Moldova | Disputed Election Leads to Unrest
- Moldova Main Page
- Independence Leads to Political and Financial Unrest
- Disputed Election Leads to Unrest
- Prime Minister Filat Dismissed
- New Elections Bring Rise to Pro-Russia Party
- Political Instability Continues
Disputed Election Leads to Unrest
Crowds of demonstrators attacked Parliament after the ruling Communist Party won general elections in March 2009. Violent protests followed, and the country became mired in political deadlock. In the July revote of parliamentary elections, the Communists lost their majority, taking 44.8 percent of the vote (48 of 101 seats). A coalition of four parties agreed to form a government. President Voronin resigned in September, and Mihai Ghimpu, a longtime member of Parliament who became speaker after the August elections, stepped in as acting president. With the country at a political impasse for a year, the Constitutional Court intervened in March 2010 and ordered that Parliament be dissolved and called for new elections. The move, however, violated the Constitution and the order cannot be implemented until July.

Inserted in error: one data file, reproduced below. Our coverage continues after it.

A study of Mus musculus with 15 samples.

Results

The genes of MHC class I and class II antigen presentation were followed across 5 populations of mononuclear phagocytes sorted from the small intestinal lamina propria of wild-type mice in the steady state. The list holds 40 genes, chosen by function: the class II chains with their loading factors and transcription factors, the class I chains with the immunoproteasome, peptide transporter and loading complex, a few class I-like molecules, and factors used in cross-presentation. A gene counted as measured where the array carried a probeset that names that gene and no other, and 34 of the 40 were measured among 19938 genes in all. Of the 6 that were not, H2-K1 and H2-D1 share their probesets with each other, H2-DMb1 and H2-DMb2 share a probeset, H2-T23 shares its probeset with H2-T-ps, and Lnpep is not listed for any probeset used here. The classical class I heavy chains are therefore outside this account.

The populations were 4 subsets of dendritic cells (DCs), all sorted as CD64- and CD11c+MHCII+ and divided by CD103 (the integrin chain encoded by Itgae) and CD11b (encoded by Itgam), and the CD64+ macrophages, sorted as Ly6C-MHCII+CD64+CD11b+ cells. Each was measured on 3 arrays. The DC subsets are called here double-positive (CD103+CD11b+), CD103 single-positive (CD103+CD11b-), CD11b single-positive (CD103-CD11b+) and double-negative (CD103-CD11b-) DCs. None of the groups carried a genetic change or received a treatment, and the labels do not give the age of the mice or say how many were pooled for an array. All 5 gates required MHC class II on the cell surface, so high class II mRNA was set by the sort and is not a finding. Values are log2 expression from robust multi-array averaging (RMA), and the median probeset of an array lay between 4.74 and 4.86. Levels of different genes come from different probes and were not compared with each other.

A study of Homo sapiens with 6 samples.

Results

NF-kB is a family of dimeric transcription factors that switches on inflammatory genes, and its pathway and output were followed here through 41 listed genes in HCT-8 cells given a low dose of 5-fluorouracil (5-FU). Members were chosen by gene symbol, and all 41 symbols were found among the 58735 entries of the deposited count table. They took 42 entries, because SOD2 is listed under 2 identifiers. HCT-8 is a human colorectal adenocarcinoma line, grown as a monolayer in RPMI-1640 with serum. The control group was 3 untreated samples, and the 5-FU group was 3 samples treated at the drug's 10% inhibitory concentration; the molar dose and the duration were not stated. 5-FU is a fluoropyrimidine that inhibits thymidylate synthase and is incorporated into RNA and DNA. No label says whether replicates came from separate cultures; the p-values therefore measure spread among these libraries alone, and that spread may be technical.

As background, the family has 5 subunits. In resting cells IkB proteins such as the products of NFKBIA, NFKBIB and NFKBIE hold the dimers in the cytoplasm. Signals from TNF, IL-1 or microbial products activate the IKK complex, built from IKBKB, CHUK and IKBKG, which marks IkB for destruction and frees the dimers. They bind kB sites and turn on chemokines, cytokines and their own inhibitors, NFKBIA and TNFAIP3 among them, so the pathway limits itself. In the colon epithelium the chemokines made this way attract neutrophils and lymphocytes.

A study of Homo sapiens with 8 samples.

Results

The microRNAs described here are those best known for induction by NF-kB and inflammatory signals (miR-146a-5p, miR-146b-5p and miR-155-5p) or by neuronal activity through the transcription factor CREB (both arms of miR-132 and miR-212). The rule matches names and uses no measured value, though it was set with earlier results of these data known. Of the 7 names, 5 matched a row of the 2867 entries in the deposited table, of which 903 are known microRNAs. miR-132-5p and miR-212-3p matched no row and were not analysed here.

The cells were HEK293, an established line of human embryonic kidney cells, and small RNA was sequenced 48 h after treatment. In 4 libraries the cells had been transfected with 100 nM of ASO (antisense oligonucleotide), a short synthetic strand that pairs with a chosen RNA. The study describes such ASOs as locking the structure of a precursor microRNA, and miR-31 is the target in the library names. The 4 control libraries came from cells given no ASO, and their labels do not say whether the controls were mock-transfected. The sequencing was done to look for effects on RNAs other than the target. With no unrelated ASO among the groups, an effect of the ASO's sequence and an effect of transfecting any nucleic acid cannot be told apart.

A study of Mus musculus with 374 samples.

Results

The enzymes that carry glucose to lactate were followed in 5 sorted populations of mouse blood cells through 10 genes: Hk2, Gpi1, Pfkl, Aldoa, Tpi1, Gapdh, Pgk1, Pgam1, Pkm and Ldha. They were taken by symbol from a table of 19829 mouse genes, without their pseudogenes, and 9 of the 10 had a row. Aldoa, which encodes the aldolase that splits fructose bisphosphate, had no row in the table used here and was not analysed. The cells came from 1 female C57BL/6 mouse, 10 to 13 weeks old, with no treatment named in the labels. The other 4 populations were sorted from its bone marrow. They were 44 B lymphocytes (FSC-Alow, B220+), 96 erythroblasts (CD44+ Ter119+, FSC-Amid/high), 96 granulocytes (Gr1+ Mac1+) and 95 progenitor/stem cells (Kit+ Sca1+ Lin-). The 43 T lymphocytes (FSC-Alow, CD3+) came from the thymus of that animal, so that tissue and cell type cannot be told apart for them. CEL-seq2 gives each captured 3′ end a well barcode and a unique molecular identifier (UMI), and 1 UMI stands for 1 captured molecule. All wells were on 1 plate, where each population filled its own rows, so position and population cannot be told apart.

Continuing the electoral conflict, the Dec. 16, 2011, presidential election was ruled invalid due to procedural violations. Finally, in March 2012, the years-long political stalemate came to an end with the successful election of judge Nicolae Timofti in a parliamentary vote of the slimmest margin (one seat). The new president stated that his main goal for Moldava is integration into the EU.